Samsung finally threw in the towel in on the ill-fated Note 7, but not before Oculus made quite the statement by disabling the use of Note 7’s in the Gear VR headset they make for Samsung. It seems they don’t want it to blow up in someone’s face. Pretty wise move if you ask me. Oh, it’s also banned on US flights now, periodSamsung is offering folks $100 toward a new phone when they trade in the Note 7 for something less blow-upie. If you don’t trade for another Samsung device, you still get $25 for risking your life and sacrificing your humility. On a plus note, we got this awesome story out of the ordeal:
The KnowBe4 Scam Of The Week is… drum roll please… “Insidious New IRS Social Engineering Attack“. This attack is a social engineering scam that will work to bilk you out of your hard earned money by convincing you (or elderly people in your life) that you owe the IRS money. Read the article for more detail, but the short of it is, if you or a loved one gets an IRS CP 2000 form claiming the income reported on your tax return does not match the income reported by your employer, just can it. If that won’t let you sleep at night call the IRS at 1-800-366-4484 to confirm (preferably from a pay phone in a neighboring county, just in case it’s true).
Another hot scam this week is: “Brad Pitt Found Dead (Suicide)“. This headline drew gasps from the ladies here when they heard it, so I guess it does tug at some heartstrings as intended. I must be dead inside, cuz I wouldn’t even bother to click on that headline. For the record, Mr. Pitt is NOT dead and Angela appears to still be single, good news for both housewives who love Brad and those geeks who are reading this that are planning to emerge from their lairs (a.k.a. Mom’s basement) in an effort to woo Ms. Jolie. I hear even the “400lb hacker” is making plans. Good luck my friends!
I had already sent out some warning, but it seems the US-CERT was listening to me as they published their own warning about Hurricane Matthew phishing scams. It’s not rocket science folks, when something major like this happens, the scammers are going to leverage it for their gain. They will use it to get folks to click on links or open documents, all of which lead to bad things. If you want to donate or help, go to the website of a reputable organization or at least don’t do it via any contact information in an email. Go search the org and contact them that way.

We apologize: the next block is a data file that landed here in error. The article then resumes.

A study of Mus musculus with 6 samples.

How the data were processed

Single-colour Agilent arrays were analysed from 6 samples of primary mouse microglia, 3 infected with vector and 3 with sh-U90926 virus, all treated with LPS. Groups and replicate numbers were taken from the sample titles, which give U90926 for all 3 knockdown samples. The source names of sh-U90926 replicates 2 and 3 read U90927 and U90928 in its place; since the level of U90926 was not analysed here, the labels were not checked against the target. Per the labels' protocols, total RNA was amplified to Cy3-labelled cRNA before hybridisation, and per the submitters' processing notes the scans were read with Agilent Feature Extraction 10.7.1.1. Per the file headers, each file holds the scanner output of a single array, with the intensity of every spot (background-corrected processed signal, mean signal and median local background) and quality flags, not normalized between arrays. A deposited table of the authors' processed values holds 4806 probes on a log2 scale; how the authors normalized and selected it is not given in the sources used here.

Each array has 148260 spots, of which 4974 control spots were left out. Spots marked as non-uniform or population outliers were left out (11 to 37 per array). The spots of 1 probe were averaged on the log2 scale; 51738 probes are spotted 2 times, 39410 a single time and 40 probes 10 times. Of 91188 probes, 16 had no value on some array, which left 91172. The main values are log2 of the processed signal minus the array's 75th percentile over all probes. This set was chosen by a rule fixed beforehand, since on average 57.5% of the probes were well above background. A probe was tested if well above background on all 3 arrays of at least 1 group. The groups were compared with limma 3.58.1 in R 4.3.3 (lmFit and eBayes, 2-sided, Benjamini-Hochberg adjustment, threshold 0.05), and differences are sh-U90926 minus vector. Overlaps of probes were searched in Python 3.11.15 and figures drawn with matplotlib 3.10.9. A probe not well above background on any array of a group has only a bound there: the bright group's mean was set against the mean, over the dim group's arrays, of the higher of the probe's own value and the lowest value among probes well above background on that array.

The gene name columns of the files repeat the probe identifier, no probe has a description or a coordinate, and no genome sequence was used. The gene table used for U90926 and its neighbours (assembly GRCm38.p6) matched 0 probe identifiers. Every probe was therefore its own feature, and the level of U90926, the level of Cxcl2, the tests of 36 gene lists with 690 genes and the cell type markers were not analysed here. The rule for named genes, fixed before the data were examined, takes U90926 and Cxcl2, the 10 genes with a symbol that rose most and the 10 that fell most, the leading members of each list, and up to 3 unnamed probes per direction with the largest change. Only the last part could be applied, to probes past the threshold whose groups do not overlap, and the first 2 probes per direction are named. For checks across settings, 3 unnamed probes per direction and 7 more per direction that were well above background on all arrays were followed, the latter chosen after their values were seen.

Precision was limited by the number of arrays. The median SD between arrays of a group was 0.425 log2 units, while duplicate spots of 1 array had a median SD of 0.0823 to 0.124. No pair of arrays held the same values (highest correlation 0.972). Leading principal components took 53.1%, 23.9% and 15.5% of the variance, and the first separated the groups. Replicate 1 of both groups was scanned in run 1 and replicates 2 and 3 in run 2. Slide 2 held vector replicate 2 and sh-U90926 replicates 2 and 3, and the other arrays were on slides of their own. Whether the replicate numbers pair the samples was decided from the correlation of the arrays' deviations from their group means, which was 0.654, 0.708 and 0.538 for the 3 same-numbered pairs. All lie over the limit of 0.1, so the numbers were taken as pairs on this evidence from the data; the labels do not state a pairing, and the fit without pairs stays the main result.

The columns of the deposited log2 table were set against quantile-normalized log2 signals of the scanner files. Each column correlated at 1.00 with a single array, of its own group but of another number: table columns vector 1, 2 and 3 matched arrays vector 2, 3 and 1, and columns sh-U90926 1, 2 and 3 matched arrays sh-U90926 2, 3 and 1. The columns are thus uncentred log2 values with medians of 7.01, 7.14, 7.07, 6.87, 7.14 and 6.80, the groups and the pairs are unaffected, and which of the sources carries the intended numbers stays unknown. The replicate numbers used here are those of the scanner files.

Because! we! Just! can’t! get! enough!, Yahoo! just got cheaper. Well, they think it is going to get cheaper by like a BILLION DOLLARS! Check your couch cushions folks, it’s ALMOST affordable. According to the WSJ, this may equate to a material adverse change (ya think!?) and Verizon is expected to smack Yahoo! about the head and shoulders (financially speaking) for not not disclosing that little, um… oversight. “Oh, that half a billion (or more) records we lost?” Very likely this was a result of a phishing attack letting the bad guys in the network. Whoops.
CryPy is a new variant of ransomware that is designed to make life suck. While that is typical of other variants, this one is Python-based, stops services you might need to save your bacon (Registry Tools, Task Manager, CMD, and Run) and then encrypts your files. So, it’s not done yet. It encrypts each file with a unique key then tells you it will start randomly start killing off a file every 6 hours. After 96 hours it deletes the decryption key, effectively taking it’s ball and going home. It’s rumored to feed off Bitcoins and tears, one of which it will likely get either way. Still in it’s early stages, its not very prolific, but we want to keep an eye on this. Since C&C seems to be in Israel, Geo-blocking might help for now if you can do it.
There was a privacy breach at a Vancouver pot dispensary revealing medical info (and the fact that you use a dispensary). Dude… harsh man.
Have a great week and stay safe out there
Erich Kron is the Security Awareness Advocate at KnowBe4, and has over 20 years’ experience in the medical, aerospace manufacturing and defense fields. He is the former security manager for the US Army 2nd Regional Cyber Center-Western Hemisphere.